Saturday, September 23, 2006

Supporter's Trust Article Of 17.8.06

On 17.8.06 MCIVTA published an article by one of the guys in our group. His name is Colin Savage and he is based in Manchester. With the kind permission of Colin and MCIVTA (thank you Heidi) here is the article. By the way please take some time to look at MCIVTA's website

Many of you may be aware of the existence of the above at various clubs.

These are formed for a variety of reasons but the aim is to provide a democratic and legally constituted framework for a club's supporters, through which they can, if desired:

1) Represent the views of supporters to the club;
2) Bring the club closer to the community;
3) Own shares in the club, where appropriate;
4) Possibly take some part in the running of the club, often via the election of supporter directors.

The best known example of a supporters' trust is Barcelona, where the supporters own the club, but many English & Scottish league clubs also boast supporters' trusts and these are actively encouraged by the Government, via the Supporters Direct organisation. A few English league clubs are, like Barcelona, also wholly owned by trusts (Brentford, Chesterfield, Rushden & Diamonds and Stockport). Often these have been set up as a response to financial difficulties but Manchester United fans also set up a trust as a reaction to the potential takeover by Sky. It still exists following the Glazer takeover although it has no connection with the club.

Trusts that do have some connection are mainly found in the lower leagues but Spurs, Arsenal and Villa, as well as newly-promoted Reading and Watford all have them. Reading is an interesting example as their chairman, John Madejski, has over 97% of the shares so the trust has no hope of being able to influence events via a significant shareholding. However they have built up such credibility that they now attend part of the regular senior management meeting at the club.

Manchester City is a publicly quoted company on the Ofex market, meaning that its shares can be easily bought (and sold) and many fans, me included, have done so. This entitles you to attend and vote at the AGM and receive copies of the annual report and accounts. There are currently around 55 million shares in circulation and they can be bought for 24p each at today's price.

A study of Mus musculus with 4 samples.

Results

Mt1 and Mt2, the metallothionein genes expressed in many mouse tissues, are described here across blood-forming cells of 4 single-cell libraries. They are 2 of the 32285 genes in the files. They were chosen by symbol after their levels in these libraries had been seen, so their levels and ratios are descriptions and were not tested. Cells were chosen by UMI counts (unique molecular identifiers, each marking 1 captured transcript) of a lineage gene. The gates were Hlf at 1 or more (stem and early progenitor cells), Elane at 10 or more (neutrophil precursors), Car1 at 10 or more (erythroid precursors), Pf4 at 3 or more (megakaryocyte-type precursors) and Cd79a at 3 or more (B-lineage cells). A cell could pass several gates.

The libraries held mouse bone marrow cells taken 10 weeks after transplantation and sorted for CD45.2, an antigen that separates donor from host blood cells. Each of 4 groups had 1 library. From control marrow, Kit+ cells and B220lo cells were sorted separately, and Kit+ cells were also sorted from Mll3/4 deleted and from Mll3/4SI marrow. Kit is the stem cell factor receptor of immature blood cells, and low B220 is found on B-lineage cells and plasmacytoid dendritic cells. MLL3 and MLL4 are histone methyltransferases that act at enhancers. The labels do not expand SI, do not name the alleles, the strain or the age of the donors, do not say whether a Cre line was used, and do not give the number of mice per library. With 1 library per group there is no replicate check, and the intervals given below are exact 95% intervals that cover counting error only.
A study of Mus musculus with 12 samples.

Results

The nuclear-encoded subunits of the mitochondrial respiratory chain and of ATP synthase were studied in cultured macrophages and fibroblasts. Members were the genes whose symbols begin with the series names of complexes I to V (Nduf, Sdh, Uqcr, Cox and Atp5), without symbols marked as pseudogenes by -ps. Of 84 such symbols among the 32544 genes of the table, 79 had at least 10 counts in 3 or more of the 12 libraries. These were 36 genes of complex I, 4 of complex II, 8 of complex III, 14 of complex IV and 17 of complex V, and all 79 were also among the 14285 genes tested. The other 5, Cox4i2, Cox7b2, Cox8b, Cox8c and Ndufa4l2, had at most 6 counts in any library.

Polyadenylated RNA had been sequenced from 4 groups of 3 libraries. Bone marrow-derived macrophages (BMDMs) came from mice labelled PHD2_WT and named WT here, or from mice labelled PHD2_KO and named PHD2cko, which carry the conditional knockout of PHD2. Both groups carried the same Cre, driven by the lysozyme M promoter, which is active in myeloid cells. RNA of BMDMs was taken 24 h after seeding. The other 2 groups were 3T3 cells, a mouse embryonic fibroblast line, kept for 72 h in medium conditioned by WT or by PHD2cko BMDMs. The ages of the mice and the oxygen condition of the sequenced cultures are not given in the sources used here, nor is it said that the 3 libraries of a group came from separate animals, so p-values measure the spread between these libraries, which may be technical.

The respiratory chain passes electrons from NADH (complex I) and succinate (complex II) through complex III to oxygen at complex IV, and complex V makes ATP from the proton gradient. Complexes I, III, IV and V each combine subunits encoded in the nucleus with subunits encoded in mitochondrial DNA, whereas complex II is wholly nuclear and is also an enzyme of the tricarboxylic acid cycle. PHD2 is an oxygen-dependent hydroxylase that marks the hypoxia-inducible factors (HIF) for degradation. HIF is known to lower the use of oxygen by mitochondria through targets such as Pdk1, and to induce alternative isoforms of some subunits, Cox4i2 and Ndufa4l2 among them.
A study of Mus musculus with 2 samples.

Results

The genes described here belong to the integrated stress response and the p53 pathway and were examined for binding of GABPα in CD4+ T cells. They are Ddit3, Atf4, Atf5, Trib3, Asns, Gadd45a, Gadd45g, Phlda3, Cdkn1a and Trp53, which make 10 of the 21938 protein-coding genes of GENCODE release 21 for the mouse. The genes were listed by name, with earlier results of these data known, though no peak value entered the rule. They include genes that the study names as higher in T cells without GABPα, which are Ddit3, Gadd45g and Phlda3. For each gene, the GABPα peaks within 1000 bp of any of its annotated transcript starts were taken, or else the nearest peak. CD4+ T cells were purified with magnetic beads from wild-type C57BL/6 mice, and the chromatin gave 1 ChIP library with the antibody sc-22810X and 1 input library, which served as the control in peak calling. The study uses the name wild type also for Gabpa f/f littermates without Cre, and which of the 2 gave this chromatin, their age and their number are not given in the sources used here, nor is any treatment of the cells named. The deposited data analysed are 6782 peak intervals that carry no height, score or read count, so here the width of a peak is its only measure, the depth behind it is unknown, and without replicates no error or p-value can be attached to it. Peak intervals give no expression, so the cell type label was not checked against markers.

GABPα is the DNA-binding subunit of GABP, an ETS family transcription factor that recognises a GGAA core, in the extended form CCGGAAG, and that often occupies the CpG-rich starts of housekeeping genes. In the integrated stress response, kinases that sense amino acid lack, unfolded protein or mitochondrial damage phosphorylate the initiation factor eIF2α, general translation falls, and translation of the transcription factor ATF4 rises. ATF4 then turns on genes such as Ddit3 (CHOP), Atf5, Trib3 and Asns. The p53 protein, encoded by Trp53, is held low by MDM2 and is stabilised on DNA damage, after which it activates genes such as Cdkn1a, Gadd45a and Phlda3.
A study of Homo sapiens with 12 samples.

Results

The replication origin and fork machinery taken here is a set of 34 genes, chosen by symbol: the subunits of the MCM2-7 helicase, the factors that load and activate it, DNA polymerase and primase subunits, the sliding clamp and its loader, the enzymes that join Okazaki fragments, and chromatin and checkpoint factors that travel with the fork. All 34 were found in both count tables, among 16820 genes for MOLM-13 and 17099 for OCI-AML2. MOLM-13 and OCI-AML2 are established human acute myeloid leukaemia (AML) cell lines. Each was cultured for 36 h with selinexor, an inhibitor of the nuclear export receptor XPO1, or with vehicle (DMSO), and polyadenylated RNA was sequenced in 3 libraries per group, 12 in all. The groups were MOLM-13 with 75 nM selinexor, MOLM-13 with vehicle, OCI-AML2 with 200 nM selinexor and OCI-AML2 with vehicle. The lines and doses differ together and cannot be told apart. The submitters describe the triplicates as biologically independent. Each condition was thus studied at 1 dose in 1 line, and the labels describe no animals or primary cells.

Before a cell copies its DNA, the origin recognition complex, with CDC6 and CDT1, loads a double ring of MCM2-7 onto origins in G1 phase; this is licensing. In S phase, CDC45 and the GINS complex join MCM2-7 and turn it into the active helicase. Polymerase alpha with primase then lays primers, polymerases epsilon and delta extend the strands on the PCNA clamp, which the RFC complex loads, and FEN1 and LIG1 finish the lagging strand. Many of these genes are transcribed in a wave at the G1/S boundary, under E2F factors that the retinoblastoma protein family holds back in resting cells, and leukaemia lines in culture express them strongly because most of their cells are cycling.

Any shareholding over 3% has to be declared to the Stock Exchange and shown in the accounts. This means that we know who owns large shareholdings in the club.

The main blocks of shares are held by four groups. John Wardle & David Makin are the major shareholders with 29.95%, followed by the estate of the late Stephen Boler, with 18.75%. The next two large shareholdings are in the hands of Sky and Francis Lee, with 17% between them. This makes up 65.7% and given that there are no other holdings above 3%, it is therefore likely that the largest group of shares, about a third, are in the hands of a few thousand small shareholders.

Clearly, the more shares you hold, the more of a say you potentially have in the club, particularly once you get a significant stake. However the concept of a trust, if set up as a sort of co-operative in the recommended way, means that everyone, regardless of their individual shareholding, has the same stake and standing. That is not to say that individual shareholdings are "re- distributed" but that they can potentially be combined, in various ways, into one voting block of far greater power than a myriad of little holdings. The trust can also buy shares on its own behalf, with funds contributed by members. The rules for the trust should ensure that membership is open as widely as possible via affordable subscriptions and that the trust is a non- profit making, fully accountable body.

The idea of a Supporters Trust at Manchester City has been floated again recently. There is a wide diversity of views about the way our club is being run but I think we all agree that there is less regard for the ordinary supporter these days. This may well be a general trend across the Premiership but we've certainly seen it at City. There is less and less support for the Supporters Club branches. The AGM is a chore to be got over with as soon as possible. The more money that comes into the game from Sky and other corporate sources (hospitality & sponsorship) the less important we individual fans seem to be both financially and as a voice. A Supporters Trust is one way to address this.

The Club has been approached and their response has been resoundingly non- committal so far. This is not helpful but is certainly not a show-stopper. In fact this response says to me that we need this more than ever, rather than the increasingly sanitised communication channels we currently have (Points of Blue and the club-provided spin in the Manchester Evening News) plus the blanket assurances about the finances that never seem to be borne out in reality. When Don Price starts to get cynical and disillusioned then it's time to worry. My own concerns started when I experienced the AGM and realised that the club was not prepared to engage with its supporters and shareholders in any meaningful way.

Please note that this is not intended to be a single-issue pressure group (like Stand Up Sit Down) or breakaway unit (like FC United). We are not going to solve the football-wide problems of diving, the increasing influence of television or an unequal financial playing field. Ideally we would like to work with the board and management in order to ensure that the fans that go to Sunderland or Reading on a Tuesday night are seen as more important to the club than the people who pay their Sky Sports subscription but have no interest in Manchester City (or any other club for that matter).